In early March after a month on Tilos, when green leaves were just beginning to unfurl out on the fig trees, Mark and I flew to England for work and to see our families. I planned to stay just ten days or thereabouts, and didn't want to put the hound through the whole flying thing, so Stelios offered to look after Lisa. As she raced around his garden through grass still wet from the morning rainstorm, we sat in the dark listening to scops owls calling, and Stelios got Mark tipsy on raki. 

The following morning, we caught the ferry at dawn. I’d been stressed about leaving Lisa and home, especially as coronavirus was already a threat, but the skies were so fantastically beautiful, a mix of cloud and sun, that I soon began to enjoy it. When we passed an empty island off Symi, I gazed at it and thought how, when I got back, I'd try to do some walking there in this wonderful time of year. The sky and sea were deep blue in Rhodes and we sat on our hotel balcony feeling the sun on our skin, then for hours on the quiet beach, our faces getting ever so slightly sunburned. 

We were fairly relaxed as we flew out the next day, with no idea that within a couple of days, the situation would change as the news about coronavirus and its implications very quickly got worse. Plans to go to events and see people got changed and then cancelled. Soon it was a question of bringing forward my travel plans to make a dash for home before movement was restricted for no-one knew how long. Mark would stay with his mum, who although a trooper is 88, and near his children who are in their twenties, and complete the work he had planned.

On the 18th, I should have been on a plane to Athens then Rhodes. The days before were horrendous, trying to find out how this would go as things changed constantly. Greece had already shut down bars and restaurants and schools to reduce the spread of the virus, and declared its sensible, calm policy of ‘We’re Staying at Home’. I’d have to be quarantined for fourteen days, but would they allow me to travel home to do that? I noticed islanders on social media dissuading any arrivals from abroad. Even if I quarantined myself, what if I did carry the virus to Tilos with its very basic medical facilities?

Mark had encouraged me at first to go back, saying I’d be impossible if I stayed (who, me?), knowing how my sense of self is wrapped up in living in the wilds of a sunny island, walking and swimming. My parents, knowing the same, also encouraged me to go home where I’d be safer and happier, away from the madness.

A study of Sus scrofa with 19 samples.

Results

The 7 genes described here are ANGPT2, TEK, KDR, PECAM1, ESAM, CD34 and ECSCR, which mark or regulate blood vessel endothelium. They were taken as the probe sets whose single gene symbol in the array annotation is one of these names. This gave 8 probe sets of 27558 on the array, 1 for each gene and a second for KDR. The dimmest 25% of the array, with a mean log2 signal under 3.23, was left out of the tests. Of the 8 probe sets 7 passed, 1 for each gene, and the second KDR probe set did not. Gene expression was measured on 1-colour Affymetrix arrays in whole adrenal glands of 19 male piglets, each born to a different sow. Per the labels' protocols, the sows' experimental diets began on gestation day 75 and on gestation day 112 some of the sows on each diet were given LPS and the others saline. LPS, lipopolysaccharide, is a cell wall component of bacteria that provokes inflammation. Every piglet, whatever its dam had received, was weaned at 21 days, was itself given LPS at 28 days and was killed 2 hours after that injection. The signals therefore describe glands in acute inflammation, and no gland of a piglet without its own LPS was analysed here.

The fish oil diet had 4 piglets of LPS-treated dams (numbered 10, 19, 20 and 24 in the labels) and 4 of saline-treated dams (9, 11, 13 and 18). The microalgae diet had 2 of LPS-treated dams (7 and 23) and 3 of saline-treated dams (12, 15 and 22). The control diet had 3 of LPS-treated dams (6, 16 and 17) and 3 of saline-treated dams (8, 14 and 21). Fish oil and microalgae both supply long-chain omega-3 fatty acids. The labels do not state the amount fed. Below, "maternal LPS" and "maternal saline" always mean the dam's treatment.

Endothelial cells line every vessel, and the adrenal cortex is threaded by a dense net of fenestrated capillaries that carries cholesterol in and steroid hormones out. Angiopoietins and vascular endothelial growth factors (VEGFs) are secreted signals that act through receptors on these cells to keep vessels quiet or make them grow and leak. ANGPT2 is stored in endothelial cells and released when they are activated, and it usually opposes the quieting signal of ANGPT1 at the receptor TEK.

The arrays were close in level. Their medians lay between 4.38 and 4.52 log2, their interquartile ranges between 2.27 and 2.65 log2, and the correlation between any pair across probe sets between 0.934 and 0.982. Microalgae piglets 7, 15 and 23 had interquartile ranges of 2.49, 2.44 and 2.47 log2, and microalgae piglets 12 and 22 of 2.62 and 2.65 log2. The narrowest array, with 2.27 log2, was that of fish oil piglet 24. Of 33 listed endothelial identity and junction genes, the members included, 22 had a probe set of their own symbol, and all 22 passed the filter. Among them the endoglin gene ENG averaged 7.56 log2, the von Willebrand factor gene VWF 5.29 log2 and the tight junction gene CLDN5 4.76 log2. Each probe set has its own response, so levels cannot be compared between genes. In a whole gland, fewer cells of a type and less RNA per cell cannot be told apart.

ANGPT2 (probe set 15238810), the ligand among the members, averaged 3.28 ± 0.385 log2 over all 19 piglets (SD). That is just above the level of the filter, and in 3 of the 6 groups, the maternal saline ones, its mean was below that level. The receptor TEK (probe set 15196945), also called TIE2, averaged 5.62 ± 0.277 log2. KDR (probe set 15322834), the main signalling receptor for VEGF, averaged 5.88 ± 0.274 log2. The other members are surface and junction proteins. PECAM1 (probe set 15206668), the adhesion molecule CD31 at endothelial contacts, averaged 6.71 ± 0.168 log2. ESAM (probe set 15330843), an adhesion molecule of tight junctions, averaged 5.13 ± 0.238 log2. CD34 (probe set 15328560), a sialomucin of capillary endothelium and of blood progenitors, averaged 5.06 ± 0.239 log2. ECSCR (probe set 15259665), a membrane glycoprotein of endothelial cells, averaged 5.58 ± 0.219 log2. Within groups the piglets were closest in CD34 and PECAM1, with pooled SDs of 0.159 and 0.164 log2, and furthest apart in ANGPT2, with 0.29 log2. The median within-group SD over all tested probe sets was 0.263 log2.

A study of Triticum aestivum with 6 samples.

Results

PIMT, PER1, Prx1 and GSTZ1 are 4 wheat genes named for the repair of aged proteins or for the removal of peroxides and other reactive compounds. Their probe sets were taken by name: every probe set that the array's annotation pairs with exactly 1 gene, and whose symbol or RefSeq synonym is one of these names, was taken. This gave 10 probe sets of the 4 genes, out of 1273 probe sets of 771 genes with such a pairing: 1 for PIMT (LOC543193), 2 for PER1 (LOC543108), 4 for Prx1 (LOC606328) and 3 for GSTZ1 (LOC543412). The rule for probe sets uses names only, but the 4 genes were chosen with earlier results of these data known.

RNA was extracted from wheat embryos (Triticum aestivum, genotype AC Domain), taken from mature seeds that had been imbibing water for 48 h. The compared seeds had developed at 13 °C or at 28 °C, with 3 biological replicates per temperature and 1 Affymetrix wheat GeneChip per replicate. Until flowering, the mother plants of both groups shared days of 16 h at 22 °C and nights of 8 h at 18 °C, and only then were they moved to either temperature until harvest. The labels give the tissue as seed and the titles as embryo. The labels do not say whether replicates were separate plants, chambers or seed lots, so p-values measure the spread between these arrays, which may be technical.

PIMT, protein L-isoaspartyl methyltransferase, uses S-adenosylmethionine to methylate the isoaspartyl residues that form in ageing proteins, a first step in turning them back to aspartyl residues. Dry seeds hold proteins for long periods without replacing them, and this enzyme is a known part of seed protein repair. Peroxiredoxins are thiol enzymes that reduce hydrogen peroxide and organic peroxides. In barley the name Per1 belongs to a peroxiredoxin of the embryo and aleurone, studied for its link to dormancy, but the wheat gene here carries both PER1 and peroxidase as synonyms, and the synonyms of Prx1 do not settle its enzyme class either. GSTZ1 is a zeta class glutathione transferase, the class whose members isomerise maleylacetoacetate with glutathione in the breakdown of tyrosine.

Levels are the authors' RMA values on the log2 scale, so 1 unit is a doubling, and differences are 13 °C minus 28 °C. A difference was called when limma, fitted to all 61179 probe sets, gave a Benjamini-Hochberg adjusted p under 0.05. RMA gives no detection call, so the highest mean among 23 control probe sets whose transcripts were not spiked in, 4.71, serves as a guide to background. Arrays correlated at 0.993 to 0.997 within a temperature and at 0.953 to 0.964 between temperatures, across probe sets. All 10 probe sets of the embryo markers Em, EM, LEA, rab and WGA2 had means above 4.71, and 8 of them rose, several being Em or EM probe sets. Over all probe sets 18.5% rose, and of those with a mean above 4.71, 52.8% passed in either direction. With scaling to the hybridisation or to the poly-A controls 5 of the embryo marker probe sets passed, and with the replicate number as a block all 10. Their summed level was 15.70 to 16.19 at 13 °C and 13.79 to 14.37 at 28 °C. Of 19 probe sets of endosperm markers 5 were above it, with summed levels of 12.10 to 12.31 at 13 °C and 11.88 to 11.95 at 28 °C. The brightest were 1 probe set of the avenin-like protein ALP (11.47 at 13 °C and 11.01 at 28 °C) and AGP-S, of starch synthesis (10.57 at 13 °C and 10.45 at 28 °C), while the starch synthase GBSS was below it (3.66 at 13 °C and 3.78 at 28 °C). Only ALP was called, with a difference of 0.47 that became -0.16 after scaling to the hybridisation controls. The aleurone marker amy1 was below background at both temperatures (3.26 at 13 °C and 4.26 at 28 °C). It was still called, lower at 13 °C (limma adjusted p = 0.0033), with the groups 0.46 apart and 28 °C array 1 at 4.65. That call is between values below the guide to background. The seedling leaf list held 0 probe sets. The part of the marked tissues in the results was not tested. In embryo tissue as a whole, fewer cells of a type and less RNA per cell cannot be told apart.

But as we got up that morning and Mark drove me to Heathrow, both of us too upset too speak much, leaving seemed more and more wrong. Knowing anything could happen in the next months, should I go back to the place I love and more importantly Lisa, or stay with my family and my partner who wanted to look after me, with hugs and love? Nobody else could make this decision for me.

In the departures hall of Heathrow, where people of all nationalities walked grimly about in masks or in tears – nobody going on holiday – I still could get no information about how I’d be received in Greece. In the end, the only important consideration was Lisa, that dog I love so much. I called Stelios, and he told me to do whatever I thought was best but that he would be happy to keep looking after her. ‘She’s no problem,’ he said, ‘though she does snore a bit.’ He is, after all, the man who named her, who has always been a big part of her life. 

Assured that Lisa would be protected and have everything she needs, I left the scary departures hall and walked back to the car, where Mark was waiting for me in the drop-off zone, and told him I was staying.

That afternoon, exhausted from an extremely tense few days, relieved to be together, we went for a walk around some lakes, near where Mark fished when he was a kid. We stopped in a hide and watched a little bit of sun poke through the clouds and light up the water, while the coots paddled closer. Mr Anorak had even brought a pair of binoculars we could use to watch the nesting grey herons and snow-white little egrets across the other side, and the great crested grebes diving and reappearing. There were quite a few people out walking or fishing, most of them happy to smile and chat a little. 

I loved seeing little blue forget-me-nots, and plucky great tits making raids at a feeder while mallards foraged below; marsh marigolds, a noisy jay and a green woodpecker; tufted ducks with their jaunty black quiffs and bright eyes, pochard ducks with their lovely chocolate-brown heads and grey backs. Eventually, walking back along the canal at dusk, we stopped to listen to the quiet and the song of the blackbirds. In times of crisis, isn’t it wonderful to appreciate simple things like nature and a warm hug? Whatever we have to go through in the coming months, the cycle of nature will continue, the days will get longer.

The next day I walked alone through the fields in fine, drizzling rain. It was good to see the buds beginning to unfurl on the tips of bare branches. With life reduced like this, perhaps I appreciate more the feel of springy grass under my walking boots, the colours of lichen on a tree trunk and the songs of the birds even on a grey, wet day.

Just think how it will feel when the sun comes out.

This crisis is interrupting the distribution of print books temporarily, but my new book Wild Abandon will still be released in May – initially as an e-book, until things get back to normal. I hope it will provide a reminder of Greece for those who can’t get there. I may have to read it myself.